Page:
An unnamed female student from Wayne County, Pennsylvania, has filed a federal complaint with authorities because a transgender student changed in the same locker room as she did.
She claims the transgender person changing nearby constitutes sexual harassment and a violation of her civil rights.
The complaint, which was delivered to the U.S. Department of Education's Civil Rights Division, revolves around an incident early in the year at Honesdale High School.
The plaintiff reportedly noticed she was changing with a transgender student and told teachers about her discomfort, at which point they allegedly told her she could wait outside the locker room until the transgender student was finished, making her late to class.
The girl's lawyers have posted a video to social media.
Honesdale High Violates Student's Bodily Privacyyoutu.be
Of course, the girl's entire complaint is built on the idea that transgender women aren't actually women and pose an inherent threat that most women do not, an idea that most people believe to be bigoted and oppressive.
This belief is made clear in the way the plaintiff speaks about the incident, misgendering the transgender woman as a man:
"I glanced down and could tell that he was wearing women's underwear and what was underneath it."
The district's superintendent declined to comment on the complaint, but did mention that his schools are compliant with the recent court ruling "allowing trans students to use the facilities of their choosing."
Conservatives everywhere, perhaps sensing the power of feminist ideals among liberals, are framing the argument as one centered around privacy, claiming a woman has a right to set boundaries and decide who sees her undressed.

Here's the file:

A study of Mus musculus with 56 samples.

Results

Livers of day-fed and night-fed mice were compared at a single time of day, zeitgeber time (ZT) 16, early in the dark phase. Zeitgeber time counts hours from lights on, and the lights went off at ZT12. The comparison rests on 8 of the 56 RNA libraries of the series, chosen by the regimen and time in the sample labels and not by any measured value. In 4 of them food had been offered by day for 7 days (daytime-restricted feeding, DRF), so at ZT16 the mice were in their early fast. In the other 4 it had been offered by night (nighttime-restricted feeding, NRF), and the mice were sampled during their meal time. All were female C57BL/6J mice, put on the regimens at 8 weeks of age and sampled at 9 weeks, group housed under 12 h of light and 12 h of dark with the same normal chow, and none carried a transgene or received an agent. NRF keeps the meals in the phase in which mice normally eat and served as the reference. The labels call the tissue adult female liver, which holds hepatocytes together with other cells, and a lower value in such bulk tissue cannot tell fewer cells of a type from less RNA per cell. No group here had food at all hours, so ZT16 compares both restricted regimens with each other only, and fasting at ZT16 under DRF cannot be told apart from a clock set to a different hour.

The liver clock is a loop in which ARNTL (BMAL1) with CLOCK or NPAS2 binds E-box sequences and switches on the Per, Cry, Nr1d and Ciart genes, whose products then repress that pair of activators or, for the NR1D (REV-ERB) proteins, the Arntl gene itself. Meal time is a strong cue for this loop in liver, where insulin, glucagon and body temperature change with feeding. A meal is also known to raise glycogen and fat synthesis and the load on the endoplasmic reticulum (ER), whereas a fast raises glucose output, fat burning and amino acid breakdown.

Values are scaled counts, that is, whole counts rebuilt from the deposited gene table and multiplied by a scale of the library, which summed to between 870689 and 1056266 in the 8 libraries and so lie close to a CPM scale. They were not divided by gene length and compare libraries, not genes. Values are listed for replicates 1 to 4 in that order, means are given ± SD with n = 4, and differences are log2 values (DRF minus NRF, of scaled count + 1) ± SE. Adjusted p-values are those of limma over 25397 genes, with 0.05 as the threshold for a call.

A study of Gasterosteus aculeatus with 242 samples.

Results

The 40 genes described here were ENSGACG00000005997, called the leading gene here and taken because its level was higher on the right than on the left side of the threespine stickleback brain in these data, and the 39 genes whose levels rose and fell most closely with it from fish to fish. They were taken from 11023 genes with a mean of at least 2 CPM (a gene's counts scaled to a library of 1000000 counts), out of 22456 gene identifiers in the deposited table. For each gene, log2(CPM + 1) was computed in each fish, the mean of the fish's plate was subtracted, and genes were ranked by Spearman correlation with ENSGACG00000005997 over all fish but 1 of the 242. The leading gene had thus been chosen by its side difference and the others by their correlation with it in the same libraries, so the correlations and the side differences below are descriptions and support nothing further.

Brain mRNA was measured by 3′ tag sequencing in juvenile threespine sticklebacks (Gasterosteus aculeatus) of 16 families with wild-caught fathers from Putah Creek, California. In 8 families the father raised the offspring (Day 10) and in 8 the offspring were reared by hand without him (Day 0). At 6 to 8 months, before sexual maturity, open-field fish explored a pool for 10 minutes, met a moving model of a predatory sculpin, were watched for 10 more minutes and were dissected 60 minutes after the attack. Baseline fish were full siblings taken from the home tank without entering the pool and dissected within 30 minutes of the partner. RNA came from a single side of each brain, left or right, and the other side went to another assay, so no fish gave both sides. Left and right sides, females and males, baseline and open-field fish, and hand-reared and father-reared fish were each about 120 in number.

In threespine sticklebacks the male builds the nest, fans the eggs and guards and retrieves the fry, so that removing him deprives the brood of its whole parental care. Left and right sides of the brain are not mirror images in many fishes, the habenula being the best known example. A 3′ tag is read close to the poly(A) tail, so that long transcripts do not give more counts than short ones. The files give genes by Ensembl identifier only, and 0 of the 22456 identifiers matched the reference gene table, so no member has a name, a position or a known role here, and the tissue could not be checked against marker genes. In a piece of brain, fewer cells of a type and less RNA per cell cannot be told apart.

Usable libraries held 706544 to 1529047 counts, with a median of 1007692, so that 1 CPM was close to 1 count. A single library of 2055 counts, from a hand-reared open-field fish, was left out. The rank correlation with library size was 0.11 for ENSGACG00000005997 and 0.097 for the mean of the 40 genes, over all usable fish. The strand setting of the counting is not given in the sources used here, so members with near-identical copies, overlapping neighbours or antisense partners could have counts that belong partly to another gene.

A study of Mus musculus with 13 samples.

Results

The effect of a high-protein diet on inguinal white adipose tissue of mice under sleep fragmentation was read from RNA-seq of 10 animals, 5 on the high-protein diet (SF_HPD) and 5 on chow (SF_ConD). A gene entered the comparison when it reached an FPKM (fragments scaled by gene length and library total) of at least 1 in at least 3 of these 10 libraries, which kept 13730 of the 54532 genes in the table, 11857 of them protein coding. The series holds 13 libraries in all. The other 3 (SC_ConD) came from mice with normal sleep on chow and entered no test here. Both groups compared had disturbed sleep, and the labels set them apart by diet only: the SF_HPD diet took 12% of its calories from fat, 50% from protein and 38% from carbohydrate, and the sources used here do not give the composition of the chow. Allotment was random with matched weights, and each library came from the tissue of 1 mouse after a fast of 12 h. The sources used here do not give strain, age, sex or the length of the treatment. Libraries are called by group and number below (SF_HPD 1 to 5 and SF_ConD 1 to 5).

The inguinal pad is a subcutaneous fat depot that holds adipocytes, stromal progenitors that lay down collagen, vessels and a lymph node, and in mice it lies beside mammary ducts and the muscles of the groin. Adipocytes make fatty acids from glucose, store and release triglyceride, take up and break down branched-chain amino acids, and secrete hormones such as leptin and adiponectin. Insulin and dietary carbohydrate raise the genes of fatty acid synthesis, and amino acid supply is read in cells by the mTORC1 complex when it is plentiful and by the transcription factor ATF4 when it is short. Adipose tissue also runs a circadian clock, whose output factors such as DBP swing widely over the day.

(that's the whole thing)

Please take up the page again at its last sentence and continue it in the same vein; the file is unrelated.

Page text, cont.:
While this argument has legitimate merits, these conservatives have never made any qualms about the privacy of their children when they changed in open locker rooms until transgender students were allowed inside.
Some believe conservative politicians are focusing on women's rights to obscure the real issue: transgender rights.
Nowhere in the student's complaint does she allege that the transgender student takes malevolent or harassing actions against her—only that the student "looked at her."
She is, in fact, saying that she was sexually harassed merely by a transgender student's presence, innocent as it may have been, because she doesn't recognize her as a woman despite her insistence to the contrary.
One commenter on the attorney's Facebook page also couldn't help but point out that the girl who filed the complaint was initially made uncomfortable by the transgendered girl allegedly "looking at her," moments before she did the exact same thing:
"Sounds like your client is the one who is guilty of voyeurism. WTF is she doing checking out other people's genitals?"
ABC-WNEP reportedly spoke to many local individuals who were unwilling to give formal statements but stood behind the girl who felt violated by her experience changing with another woman.
Others, like Elizabeth Ritter of Beach Lake, however, felt the current policies are perfectly acceptable:
"I don't think there's anything wrong with someone who identifies as a woman changing in the women's locker room because that's how they feel, that shouldn't be judged, I don't think they're trying to be sexual or harass anyone by doing that. I think that's their right."
Attorneys for the plaintiff's family are pushing for federal investigators to look into Wayne Highlands schools, but the fate of the public policies which allow transgender men and women to change where they feel most comfortable will likely be decided by an upcoming Supreme Court decision.